Leonard Ross, a child prodigy who passed a federal examination for a ham radio operator’s license when he was 7, won $164,000 on television quiz shows when he was 11 and as an adult served on the California Public Utilities Commission, is dead.
His body was found in a Santa Clara motel swimming pool on Wednesday and a Santa Clara County coroner’s spokeswoman said Friday that he had drowned. He was listed as a possible suicide.
Ross, who resigned last June as an acting professor of law at the University of California, Berkeley, was living with his brother in Santa Clara at the time of his death, according to information furnished the Willow Glenn Mortuary in San Jose.
He was 39 and Santa Clara Police Capt. Robert Adair said Ross’ family had told him he had been despondent in recent months. Adair said Ross’ glasses and shoes were found next to the pool at the Capri Motel but that Ross was not staying there.
Climbed Over Fence
The gate to the pool was locked, Adair added, but Ross evidently crawled over a fence. Adair said his department also was treating the case as a possible suicide pending a final coroner’s report.
Ross, who graduated from high school when he was 14, UCLA when he was 18 and Yale Law School at 20, gained national attention at the height of TV game show popularity in the 1950s. As a pre-teen he won $100,000 on “The Big Surprise” and $64,000 on “The $64,000 Challenge” for answering questions about the stock market.
At Yale Ross had been editor-in-chief of the Law Journal and after obtaining his law degree went on to graduate from Yale’s economics graduate school.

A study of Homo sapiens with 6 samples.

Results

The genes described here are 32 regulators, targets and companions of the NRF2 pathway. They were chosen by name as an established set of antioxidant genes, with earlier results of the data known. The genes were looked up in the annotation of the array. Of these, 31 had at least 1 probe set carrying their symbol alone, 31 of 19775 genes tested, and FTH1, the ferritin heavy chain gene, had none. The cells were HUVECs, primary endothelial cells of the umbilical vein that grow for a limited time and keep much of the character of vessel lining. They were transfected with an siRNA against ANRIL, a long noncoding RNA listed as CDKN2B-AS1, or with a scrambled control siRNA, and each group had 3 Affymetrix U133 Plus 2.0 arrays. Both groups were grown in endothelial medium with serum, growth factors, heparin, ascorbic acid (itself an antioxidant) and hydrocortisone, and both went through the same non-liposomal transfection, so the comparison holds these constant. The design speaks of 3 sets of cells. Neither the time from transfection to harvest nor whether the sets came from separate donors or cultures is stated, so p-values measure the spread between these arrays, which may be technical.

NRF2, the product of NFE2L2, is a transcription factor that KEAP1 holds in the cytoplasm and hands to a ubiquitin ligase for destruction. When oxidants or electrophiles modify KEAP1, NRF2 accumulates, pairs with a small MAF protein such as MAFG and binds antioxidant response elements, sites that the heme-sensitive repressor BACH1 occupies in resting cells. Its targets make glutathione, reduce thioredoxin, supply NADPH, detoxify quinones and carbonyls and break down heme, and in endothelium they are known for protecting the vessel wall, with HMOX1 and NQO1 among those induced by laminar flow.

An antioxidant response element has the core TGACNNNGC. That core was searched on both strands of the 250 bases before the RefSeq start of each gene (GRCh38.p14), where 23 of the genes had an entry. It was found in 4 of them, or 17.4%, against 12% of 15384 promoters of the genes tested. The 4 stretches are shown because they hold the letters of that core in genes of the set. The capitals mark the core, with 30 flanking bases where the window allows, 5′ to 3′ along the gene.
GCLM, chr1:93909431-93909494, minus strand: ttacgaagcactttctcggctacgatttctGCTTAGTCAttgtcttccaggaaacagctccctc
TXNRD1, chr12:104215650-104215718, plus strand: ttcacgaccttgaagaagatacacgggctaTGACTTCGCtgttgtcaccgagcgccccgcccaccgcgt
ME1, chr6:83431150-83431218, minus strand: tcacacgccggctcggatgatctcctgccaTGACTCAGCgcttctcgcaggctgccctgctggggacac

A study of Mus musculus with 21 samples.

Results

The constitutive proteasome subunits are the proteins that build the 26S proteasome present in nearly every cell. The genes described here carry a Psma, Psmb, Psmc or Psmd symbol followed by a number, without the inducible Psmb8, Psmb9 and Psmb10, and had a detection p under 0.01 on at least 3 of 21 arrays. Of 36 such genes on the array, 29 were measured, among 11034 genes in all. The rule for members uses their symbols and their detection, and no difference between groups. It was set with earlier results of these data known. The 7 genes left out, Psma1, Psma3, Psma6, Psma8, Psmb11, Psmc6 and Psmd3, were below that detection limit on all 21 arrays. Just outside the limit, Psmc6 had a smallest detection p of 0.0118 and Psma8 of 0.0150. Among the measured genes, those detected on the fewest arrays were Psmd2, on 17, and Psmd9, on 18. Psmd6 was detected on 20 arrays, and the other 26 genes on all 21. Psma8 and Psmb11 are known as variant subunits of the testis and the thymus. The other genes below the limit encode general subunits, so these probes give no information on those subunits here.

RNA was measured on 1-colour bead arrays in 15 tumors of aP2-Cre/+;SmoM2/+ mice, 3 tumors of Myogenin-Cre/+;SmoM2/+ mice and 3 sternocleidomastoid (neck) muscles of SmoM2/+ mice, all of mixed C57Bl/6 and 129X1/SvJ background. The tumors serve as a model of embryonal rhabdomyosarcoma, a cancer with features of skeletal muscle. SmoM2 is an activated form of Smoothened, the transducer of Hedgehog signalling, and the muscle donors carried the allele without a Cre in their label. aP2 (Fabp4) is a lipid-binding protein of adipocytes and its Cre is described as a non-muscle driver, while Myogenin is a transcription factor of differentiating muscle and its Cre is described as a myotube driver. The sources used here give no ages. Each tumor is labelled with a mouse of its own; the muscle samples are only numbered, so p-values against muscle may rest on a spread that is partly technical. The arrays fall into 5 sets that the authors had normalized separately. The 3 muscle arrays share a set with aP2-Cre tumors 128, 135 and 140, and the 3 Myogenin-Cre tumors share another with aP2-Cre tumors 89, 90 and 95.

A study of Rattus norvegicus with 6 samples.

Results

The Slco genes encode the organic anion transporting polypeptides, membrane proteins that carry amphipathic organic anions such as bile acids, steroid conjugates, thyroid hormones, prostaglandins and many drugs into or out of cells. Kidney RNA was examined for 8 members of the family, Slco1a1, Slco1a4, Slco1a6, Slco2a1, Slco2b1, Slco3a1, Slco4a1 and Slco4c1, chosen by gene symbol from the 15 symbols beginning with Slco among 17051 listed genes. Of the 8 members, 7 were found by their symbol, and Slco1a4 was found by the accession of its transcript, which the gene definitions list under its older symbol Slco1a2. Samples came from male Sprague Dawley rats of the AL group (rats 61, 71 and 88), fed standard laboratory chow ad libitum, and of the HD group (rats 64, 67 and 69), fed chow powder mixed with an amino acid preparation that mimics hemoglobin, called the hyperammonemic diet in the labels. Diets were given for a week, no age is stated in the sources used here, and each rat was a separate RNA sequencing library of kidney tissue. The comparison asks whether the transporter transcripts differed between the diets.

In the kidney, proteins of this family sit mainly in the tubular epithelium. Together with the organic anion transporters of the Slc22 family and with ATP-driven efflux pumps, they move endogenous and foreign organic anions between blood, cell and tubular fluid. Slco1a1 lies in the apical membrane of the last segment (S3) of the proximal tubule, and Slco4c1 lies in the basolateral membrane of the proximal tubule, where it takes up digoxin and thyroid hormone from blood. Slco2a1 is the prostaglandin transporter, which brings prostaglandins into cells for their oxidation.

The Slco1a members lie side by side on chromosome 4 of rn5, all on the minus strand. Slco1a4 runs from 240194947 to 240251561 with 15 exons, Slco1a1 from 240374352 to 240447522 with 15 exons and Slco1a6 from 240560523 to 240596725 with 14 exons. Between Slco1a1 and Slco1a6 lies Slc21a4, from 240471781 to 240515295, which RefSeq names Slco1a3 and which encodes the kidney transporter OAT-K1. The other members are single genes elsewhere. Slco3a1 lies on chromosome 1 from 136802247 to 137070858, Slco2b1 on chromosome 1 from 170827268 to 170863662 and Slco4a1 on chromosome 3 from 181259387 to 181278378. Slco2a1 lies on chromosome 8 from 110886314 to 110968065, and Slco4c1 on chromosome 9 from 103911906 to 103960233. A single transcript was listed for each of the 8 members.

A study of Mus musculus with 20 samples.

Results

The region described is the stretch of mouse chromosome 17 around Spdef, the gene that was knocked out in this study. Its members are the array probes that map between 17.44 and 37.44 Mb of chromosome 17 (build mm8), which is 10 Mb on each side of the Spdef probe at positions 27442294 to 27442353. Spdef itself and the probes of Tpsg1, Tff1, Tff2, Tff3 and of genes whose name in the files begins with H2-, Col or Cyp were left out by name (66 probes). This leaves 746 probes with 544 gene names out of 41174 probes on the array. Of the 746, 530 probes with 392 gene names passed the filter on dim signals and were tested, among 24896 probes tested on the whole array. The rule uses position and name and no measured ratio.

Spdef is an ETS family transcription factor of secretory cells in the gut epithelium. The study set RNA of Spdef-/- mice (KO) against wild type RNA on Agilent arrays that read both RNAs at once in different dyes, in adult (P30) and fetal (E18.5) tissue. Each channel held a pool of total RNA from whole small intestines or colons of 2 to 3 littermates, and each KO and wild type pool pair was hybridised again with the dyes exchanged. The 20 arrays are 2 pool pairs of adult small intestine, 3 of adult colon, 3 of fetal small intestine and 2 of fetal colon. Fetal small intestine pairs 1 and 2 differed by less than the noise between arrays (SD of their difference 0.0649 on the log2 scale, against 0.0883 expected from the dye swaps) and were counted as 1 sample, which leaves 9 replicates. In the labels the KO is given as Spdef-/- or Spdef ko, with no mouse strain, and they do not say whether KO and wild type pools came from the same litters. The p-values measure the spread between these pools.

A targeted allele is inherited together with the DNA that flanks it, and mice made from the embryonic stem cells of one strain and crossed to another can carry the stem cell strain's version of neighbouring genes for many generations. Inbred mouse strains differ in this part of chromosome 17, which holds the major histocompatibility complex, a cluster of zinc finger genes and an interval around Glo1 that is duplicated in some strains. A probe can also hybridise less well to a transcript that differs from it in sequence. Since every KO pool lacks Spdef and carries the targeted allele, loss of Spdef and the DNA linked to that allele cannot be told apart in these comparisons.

A Yale classmate, Simon Lazarus, said Ross was responsible for helping draft some of the civil rights legislation enacted by Congress in the late 1960s. He was the author of three books and a frequent contributor to newspapers and magazines.
Named to PUC
He returned to California and in 1975 Gov. Edmund G. Brown Jr. named him to the state Public Utilities Commission where he directed development of rates designed to encourage energy conservation and help provide conservation incentives for utility firms.
He resigned from the PUC in 1977 to become an adviser to Richard N. Cooper, undersecretary for economic affairs in the Carter Administration.
Jesse Choper, dean of UC Berkeley’s Boalt Hall law school where Ross taught from 1979 until last year, remembered him as a “true genius, a sweet, likable and generous man.”
His survivors include his mother and brother, who asked that they not be identified further.